The troubled business management software maker today said it has appointed Mike Shinya as executive vice president of worldwide sales and Paul Daly as president of its Americas region. Shinya was previously president of Baan's EMEA region (Europe, Middle East and Africa) and Daly was vice president of sales for North America.
Today's announcement comes just a week after Baan CFO James Mooney left the struggling company, which immediately followed the abrupt resignation of Baan CEO Mary Coleman at a time when the company is faced with critical financial hurdles.
After Coleman's departure, the Dutch firm, which makes enterprise resource planning (ERP) software to help manage a company's financials and human resources needs, has since seen its stock plummet. Baan, which last month traded at an average price of $14 a share, has recently been trading in the $6 to $8 range. The company expects to post a loss of as much as $250 million for its upcoming fourth quarter and said it will close 14 offices and reduce its workforce by about 4 percent.
Stephen Palfrey, a financial analyst at Sanford Bernstein, said recent executive changes have put into question the state of the company, possibly even as an attractive takeover target.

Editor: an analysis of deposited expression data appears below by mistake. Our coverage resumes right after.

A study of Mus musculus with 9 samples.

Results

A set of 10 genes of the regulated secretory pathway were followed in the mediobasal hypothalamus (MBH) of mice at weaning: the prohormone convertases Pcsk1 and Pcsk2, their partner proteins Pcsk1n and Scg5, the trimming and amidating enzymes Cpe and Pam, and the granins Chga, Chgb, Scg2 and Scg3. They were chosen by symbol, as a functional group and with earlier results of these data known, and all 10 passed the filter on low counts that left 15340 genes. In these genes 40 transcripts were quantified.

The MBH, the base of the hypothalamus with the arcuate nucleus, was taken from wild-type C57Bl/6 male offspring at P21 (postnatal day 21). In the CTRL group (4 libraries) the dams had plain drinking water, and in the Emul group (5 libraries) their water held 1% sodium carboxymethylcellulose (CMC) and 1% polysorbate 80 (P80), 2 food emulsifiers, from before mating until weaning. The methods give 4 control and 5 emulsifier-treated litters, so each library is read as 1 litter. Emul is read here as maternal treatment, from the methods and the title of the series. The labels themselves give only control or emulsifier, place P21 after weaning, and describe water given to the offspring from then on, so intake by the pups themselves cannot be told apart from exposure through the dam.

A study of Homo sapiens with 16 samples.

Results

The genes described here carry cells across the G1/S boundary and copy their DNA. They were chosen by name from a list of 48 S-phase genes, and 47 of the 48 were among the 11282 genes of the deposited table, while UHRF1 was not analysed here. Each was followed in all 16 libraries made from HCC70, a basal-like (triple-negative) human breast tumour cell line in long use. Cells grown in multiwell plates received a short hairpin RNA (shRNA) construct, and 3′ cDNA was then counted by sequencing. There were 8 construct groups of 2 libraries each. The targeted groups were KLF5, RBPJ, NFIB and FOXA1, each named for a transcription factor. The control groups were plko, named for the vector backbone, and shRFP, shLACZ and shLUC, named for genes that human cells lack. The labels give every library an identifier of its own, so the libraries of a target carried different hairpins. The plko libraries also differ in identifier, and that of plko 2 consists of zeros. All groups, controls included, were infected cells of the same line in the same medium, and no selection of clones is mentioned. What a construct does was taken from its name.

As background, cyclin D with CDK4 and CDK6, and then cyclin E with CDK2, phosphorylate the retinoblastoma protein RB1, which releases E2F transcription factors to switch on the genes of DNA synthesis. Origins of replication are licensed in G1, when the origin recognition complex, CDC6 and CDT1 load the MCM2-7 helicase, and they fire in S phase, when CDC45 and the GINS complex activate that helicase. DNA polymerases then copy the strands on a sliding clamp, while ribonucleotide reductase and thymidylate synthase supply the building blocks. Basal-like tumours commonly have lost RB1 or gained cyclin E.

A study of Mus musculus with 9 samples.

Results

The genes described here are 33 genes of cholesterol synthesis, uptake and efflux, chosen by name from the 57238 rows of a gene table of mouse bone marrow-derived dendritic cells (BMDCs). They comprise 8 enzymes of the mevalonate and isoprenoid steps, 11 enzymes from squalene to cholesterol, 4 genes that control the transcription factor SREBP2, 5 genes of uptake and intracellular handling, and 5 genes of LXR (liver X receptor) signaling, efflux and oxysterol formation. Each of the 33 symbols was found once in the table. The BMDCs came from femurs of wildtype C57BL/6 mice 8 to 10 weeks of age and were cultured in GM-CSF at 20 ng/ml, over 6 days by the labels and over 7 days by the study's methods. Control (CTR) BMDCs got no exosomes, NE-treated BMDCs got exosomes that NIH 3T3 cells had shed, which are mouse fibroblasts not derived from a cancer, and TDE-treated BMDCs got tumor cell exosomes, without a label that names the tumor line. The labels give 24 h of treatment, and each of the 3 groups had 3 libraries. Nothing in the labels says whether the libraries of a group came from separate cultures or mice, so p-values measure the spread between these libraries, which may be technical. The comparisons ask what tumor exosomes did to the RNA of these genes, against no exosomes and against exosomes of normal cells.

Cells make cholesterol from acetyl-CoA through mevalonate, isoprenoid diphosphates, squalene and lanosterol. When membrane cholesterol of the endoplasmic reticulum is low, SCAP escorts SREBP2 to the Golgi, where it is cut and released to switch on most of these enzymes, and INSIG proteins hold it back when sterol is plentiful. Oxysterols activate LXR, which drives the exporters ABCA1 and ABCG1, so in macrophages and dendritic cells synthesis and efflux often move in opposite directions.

"The potential outcome here (for Baan) is to possibly be acquired," said Palfrey, who currently has a "market perform" rating on the company's stock. "A reasonable takeover with a price in the $4 to $7 range either in pieces or as a whole isn't out of the question."
Palfrey added that in the next few months, Baan has to make a huge effort in changing the way its customers and the investor community views it.
"(Baan's transformation into an Internet player) really is a question on how they decide to focus their strategy in the next few months," he said. "They need to be extremely focused on where they're trying to go."
Baan's competitors in the ERP software business have also lost key executives recently. PeopleSoft founder Dave Duffield left his post as chief executive last September but remained as board chairman. A host of senior executives have left German software giant SAP in the past year, including SAP America president Jeremy Coote.
Analysts say that while the ERP market isn't completely dead, it has certainly slowed as business software makers, including SAP, Baan, J.D. Edwards and PeopleSoft, shifted their focus to the Internet to try to replicate the wild success of business-to-business software makers Ariba and Commerce One, companies that make applications that help businesses buy and sell goods and services online.